Is it wise to take on a new loan when you have debt?
By Miranda Marquit
Nov 17, 2023
Read time: 3 min
It’s always smart to approach new debt cautiously especially when you already have debt you’re working to pay off. But new debt isn’t always bad.
One way you could make progress against high-interest debt is to borrow against the equity you have in your home. If you qualify, you might be able to consolidate other debts, lower the cost of your debt, or make your monthly payments more manageable. Done right, a new home equity loan could bring your financial stress level down and help you get rid of your debt.
That’s right. Taking out another loan when you have debt might make sense—especially if you have a realistic plan. Let’s take a look at how borrowing against your home equity might improve your finances.
What is a HELOC?
A home equity line of credit, or HELOC, is a revolving line of credit. It’s similar to a credit card but with key differences:
A HELOC is a secured loan. It’s guaranteed by your home. If you fail to repay the debt, you could lose your home.
Most credit card accounts are unsecured debt. You qualify based on your creditworthiness only. If you fail to repay the debt, the creditor can sue you for it.
A HELOC allows you to borrow, repay, and borrow more for a few years, called the draw period. After the draw period, you’ll enter repayment and pay off the loan in equal monthly installments. During the draw period, some lenders require that you make a principal plus interest payment every month, based on your current balance and loan term. Others may allow you to make interest-only payments. If you do this, expect your monthly payments to spike when the draw period ends. Also, when you make interest-only payments, you don’t make any progress toward paying down the debt.
A credit card account can stay open and usable indefinitely. This feature keeps some people trapped in debt.
The credit limit on a credit card is only based on your credit profile. A six-figure limit is very rare and only offered to affluent, big-spenders.
When you get a HELOC, you only borrow what you need. If you don’t need to borrow your full credit limit, you don’t have to. Interest is only charged on the amount of the credit line you use.
When it may be wise to use a HELOC to pay off high-interest debt
HELOCs tend to have lower interest rates than credit cards. That’s because your home guarantees the loan. If you get a HELOC, you could withdraw money to pay off higher-interest credit cards. When you do this with multiple credit card accounts, you’re consolidating debts with a home equity loan. If you can’t get better terms on the new loan, it might not be a good idea to consolidate.
When you lower the interest rate on your debts, your finances could improve in a couple of ways:
If you keep making the same monthly payment, more of your money will go toward knocking the balance down, and you could get rid of the debt faster than you would by opting for a lower payment.
If you opt for a lower payment, you could free up cash in your budget while paying down the debt.
Example of using a home equity line of credit to pay down debt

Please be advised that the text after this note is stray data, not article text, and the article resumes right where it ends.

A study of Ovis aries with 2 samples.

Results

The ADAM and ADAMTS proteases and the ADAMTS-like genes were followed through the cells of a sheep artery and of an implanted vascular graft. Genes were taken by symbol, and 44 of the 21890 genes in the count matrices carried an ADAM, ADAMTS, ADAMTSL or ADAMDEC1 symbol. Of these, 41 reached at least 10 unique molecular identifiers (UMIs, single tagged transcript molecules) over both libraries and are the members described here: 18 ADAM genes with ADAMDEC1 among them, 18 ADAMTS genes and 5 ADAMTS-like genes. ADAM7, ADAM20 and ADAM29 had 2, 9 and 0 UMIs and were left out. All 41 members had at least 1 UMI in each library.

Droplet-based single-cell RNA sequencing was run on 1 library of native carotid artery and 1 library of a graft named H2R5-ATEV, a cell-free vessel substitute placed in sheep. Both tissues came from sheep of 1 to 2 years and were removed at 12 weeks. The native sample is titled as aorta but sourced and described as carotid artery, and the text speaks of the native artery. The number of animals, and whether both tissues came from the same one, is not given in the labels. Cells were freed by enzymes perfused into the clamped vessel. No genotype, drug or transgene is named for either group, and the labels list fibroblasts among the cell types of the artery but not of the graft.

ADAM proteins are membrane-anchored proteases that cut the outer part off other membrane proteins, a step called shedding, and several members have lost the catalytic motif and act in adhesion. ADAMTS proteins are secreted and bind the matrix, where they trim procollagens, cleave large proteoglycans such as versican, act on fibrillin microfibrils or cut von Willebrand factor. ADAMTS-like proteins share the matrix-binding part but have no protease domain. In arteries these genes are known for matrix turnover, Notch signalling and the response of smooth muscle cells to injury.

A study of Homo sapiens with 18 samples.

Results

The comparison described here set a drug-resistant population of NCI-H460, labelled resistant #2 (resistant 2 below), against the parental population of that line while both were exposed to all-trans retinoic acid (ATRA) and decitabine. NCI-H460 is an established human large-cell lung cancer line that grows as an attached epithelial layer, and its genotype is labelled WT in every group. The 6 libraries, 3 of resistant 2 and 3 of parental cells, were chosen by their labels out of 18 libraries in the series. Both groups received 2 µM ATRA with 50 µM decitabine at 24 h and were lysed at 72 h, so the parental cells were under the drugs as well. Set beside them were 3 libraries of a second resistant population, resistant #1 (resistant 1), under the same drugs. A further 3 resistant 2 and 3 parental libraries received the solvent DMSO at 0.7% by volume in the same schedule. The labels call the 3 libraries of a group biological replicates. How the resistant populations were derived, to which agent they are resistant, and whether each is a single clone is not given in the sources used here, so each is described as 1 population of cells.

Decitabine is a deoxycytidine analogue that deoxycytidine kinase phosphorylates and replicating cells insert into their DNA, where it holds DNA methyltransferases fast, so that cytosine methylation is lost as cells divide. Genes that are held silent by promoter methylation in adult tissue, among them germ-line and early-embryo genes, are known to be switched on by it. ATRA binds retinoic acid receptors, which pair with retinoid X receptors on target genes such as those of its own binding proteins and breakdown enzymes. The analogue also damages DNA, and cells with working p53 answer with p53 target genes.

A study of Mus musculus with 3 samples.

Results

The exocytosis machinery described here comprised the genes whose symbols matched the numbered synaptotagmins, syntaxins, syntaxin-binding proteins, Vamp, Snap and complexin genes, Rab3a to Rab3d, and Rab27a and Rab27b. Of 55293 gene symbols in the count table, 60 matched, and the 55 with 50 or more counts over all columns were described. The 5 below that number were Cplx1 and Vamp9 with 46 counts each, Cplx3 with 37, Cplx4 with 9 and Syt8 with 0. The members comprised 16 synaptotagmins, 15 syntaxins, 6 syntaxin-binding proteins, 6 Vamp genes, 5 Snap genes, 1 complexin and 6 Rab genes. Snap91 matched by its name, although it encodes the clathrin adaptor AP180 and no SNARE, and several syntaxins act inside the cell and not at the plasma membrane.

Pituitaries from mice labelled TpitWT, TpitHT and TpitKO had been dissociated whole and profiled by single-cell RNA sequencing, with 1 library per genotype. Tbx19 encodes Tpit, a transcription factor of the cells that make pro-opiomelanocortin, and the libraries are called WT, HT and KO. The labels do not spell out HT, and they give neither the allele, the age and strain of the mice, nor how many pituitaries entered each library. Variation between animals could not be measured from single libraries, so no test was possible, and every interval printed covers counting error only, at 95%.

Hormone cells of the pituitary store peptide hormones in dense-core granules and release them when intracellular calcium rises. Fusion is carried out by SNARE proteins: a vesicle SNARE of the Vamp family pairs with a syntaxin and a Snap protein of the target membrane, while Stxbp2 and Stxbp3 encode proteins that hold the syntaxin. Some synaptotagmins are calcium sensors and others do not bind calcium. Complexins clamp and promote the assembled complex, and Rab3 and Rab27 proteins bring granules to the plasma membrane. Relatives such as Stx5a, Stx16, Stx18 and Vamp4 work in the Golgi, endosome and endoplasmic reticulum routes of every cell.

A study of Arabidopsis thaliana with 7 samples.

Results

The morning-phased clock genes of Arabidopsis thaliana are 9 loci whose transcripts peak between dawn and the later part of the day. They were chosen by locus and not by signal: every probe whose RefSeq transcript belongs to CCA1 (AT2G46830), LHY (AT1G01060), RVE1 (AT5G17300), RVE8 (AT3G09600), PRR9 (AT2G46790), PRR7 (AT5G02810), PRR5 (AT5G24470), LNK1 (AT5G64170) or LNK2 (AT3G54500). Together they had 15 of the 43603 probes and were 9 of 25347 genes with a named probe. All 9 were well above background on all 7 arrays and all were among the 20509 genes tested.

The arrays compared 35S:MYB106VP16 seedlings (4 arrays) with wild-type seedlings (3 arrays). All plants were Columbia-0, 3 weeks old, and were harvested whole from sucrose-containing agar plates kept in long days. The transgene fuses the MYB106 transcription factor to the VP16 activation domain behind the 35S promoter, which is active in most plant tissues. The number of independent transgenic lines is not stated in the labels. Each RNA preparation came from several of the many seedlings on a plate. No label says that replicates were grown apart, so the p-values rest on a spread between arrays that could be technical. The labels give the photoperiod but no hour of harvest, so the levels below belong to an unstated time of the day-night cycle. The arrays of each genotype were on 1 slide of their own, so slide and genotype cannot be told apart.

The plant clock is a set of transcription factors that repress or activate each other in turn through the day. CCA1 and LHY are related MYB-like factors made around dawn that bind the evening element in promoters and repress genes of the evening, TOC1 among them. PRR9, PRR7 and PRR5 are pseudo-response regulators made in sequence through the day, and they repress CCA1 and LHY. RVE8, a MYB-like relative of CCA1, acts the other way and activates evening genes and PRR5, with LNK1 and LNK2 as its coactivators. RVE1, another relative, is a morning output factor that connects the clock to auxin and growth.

Here’s how it might work. Say you have four high-interest balances:
$5,000 at 29.99% (minimum payment $200)
$6,500 at 26.99% (minimum payment $260)
$3,000 at 18.99% (minimum payment $120)
$4,800 at 25.99% (minimum payment $192)
Total debt: $19,300
Total monthly payment: $772
Let’s look at potential payoff scenarios. Achieve doesn’t offer the option to make interest-only payments, so these examples assume you’ll make a principal plus interest payment every month, including during the draw period.
Option 1: Credit card minimum payments
If you make minimum payments (which get smaller as your balance goes down), you’ll take 19 years to pay off these debts. In addition to the amount you owe, you’ll pay nearly $24,000 in interest.
Time to payoff
Total interest paid
Option 2: 10-year debt consolidation HELOC
Let’s say you qualify for a HELOC with a 12% interest rate. You could borrow $20,250 and have enough to cover the lender fees and all four debts. (Lender fees are usually between 2% and 5% of the loan amount.) If you don’t borrow more during your draw period, you could pay off this debt in 10 years at $291 per month. Your total interest would be $14,613.
Time to payoff
Option 3: HELOC with additional payment
What if you want to knock down the debt even faster? Choose a lender that doesn’t charge a prepayment penalty for paying off the loan ahead of schedule. If you can afford to pay $500 per month and you don’t borrow more during the draw period, you still get relief in your budget (over $200 per month), but you could pay off the loan in 52 months. Your total interest would be $5,818.
Time to payoff
4 years 4 months
Option 4: HELOC with power payment
Your last option would be to stick with that $772 monthly payment. This would add rocket fuel to your debt payoff strategy. You could clear your debt in about 2 1/2 years if you don’t borrow more, and you’d only pay $3,401 in interest.
Time to payoff
2 years 6 months
Make a plan to use your new HELOC to get rid of debt
For a smart financial strategy to work, you need to plan it carefully. The biggest risk of any debt consolidation loan is that you could charge the credit cards back up after you pay them off with a new loan. That could leave you in a deeper financial hole. Some people close their credit cards after paying them off with a debt consolidation loan to lower the risk of adding more debt.
If you make a plan and stick to it, you can reduce your risk and get rid of your debt on schedule. To find out more about a home equity loan from Achieve, get started here and talk to an Achieve Loans advisor.